Events of recent weeks have proven to test the mettle of the Obama administration on foreign policy. With large numbers of U.S. troops already in two Middle East countries, the administration must remain cautious about committing more to any other effort in the Middle East.

First the weeks' long protest in Egypt which saw the overthrown of its president; now we have a regime under siege in Libya. Meanwhile, skirmishes continue to break out in other Arab nations.

The current hotspot is Libya, where Friday night militia loyal to Moammar Gadhafi sprayed a hail of bullets into crowds of protesters inTripoli.

President Barack Obama announced Friday night that the United States would take sanctions in the form of freezing the assets held by Gadhafi and four of his children in the United States. In an executive order, the president said the U.S. would impose unilateral sanctions because of the violence in Libya poses an "unusual and extraordinary threat" to America's national security and foreign policy.

It is sad to say that the threat to America's security is not one of a military nature, but one of an economic nature as each day of more intense rioting in the streets in yet another Arab nation threatens the oil supply we so much depend upon. Just look at the price of gasoline in the past month.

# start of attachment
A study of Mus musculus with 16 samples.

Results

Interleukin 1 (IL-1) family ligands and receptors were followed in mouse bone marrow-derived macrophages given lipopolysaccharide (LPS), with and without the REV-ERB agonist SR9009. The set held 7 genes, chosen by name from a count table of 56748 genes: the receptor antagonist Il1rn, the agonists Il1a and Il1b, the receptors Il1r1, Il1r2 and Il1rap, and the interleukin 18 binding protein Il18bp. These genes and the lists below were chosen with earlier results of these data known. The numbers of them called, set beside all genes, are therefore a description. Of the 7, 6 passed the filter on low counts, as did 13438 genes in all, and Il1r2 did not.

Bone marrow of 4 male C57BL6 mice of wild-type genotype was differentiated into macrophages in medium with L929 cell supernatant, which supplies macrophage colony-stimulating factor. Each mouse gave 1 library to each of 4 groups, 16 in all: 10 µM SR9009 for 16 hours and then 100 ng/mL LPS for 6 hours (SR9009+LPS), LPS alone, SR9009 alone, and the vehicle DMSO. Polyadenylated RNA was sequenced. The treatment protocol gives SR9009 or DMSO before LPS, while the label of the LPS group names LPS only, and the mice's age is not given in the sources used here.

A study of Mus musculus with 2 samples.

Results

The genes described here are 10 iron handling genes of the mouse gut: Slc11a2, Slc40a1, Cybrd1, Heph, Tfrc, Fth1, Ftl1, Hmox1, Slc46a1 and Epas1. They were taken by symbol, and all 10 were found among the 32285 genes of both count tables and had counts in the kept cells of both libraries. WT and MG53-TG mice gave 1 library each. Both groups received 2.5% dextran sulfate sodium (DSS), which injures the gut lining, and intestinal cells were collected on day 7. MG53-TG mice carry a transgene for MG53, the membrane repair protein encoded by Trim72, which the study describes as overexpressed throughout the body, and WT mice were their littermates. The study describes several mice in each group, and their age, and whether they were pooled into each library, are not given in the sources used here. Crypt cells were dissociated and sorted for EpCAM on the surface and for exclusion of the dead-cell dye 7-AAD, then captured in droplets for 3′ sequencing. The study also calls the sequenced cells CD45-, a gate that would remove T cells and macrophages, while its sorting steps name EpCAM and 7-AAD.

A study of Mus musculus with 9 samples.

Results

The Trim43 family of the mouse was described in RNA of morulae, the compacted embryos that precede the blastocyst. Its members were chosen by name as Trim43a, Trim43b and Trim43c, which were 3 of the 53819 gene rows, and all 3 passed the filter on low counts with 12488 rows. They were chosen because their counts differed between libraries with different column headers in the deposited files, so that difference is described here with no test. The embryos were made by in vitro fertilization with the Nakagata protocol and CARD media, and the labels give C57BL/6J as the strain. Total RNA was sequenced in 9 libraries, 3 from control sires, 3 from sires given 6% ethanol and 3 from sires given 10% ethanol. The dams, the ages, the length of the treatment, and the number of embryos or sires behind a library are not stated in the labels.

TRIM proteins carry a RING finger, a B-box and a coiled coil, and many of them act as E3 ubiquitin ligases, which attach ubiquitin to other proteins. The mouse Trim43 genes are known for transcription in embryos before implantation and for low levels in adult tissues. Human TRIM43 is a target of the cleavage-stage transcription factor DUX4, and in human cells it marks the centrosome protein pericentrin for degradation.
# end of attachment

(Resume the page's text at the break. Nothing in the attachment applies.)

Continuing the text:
The United Nations Security Council will consider sanctions at its meeting next Friday, and NATO has said it is monitoring the situation but has no plans for intervention.

The U.S., outside of sanctions, should also express caution before committing troops to any kind of peacekeeping effort in the Middle East. U.S. forces are already waging war in Iraq and Afghanistan, and should not be tested on a third front.

Defense Secretary Robert Gates, in an address Friday at West Point, warned of expanding forces beyond the two fronts now deployed in major force. Future wars will be fought in the air and at sea, not with massive armies in a ground assault, he said.

"The Army and the rest of the government must focus on capabilities that can prevent festering problems from growing into full-blown crises which require costly -- and controversial -- large-scale American military intervention," Gates said. Iran does pose a serious threat first to Israeli security and then to ours with military capability sooner rather than later with the aomic bomn Spreading U.S. forces even thinner in the Middle East could make Iran even more brazen.

The United States should be ready to offer humanitarian aid, but engage in another armed intervention. The time has come for NATO and the United Nations to take a leadership role in a peacekeeping force, not a good time for the U.S. to spread itself even thinner. It is also perhaps time for Russia and China to show that they can provide peacekeeping efforts rather than offensive capability for which we also must be prepared to defend against.

With thousands of years of history at work in the Middle East, perhaps the wisest thing for the West to do is sit back, protect Israel, and contain whatever happens in the Middle East to the Middle East.

And, we need to ween ourselves off Middle East oil as quick as we can.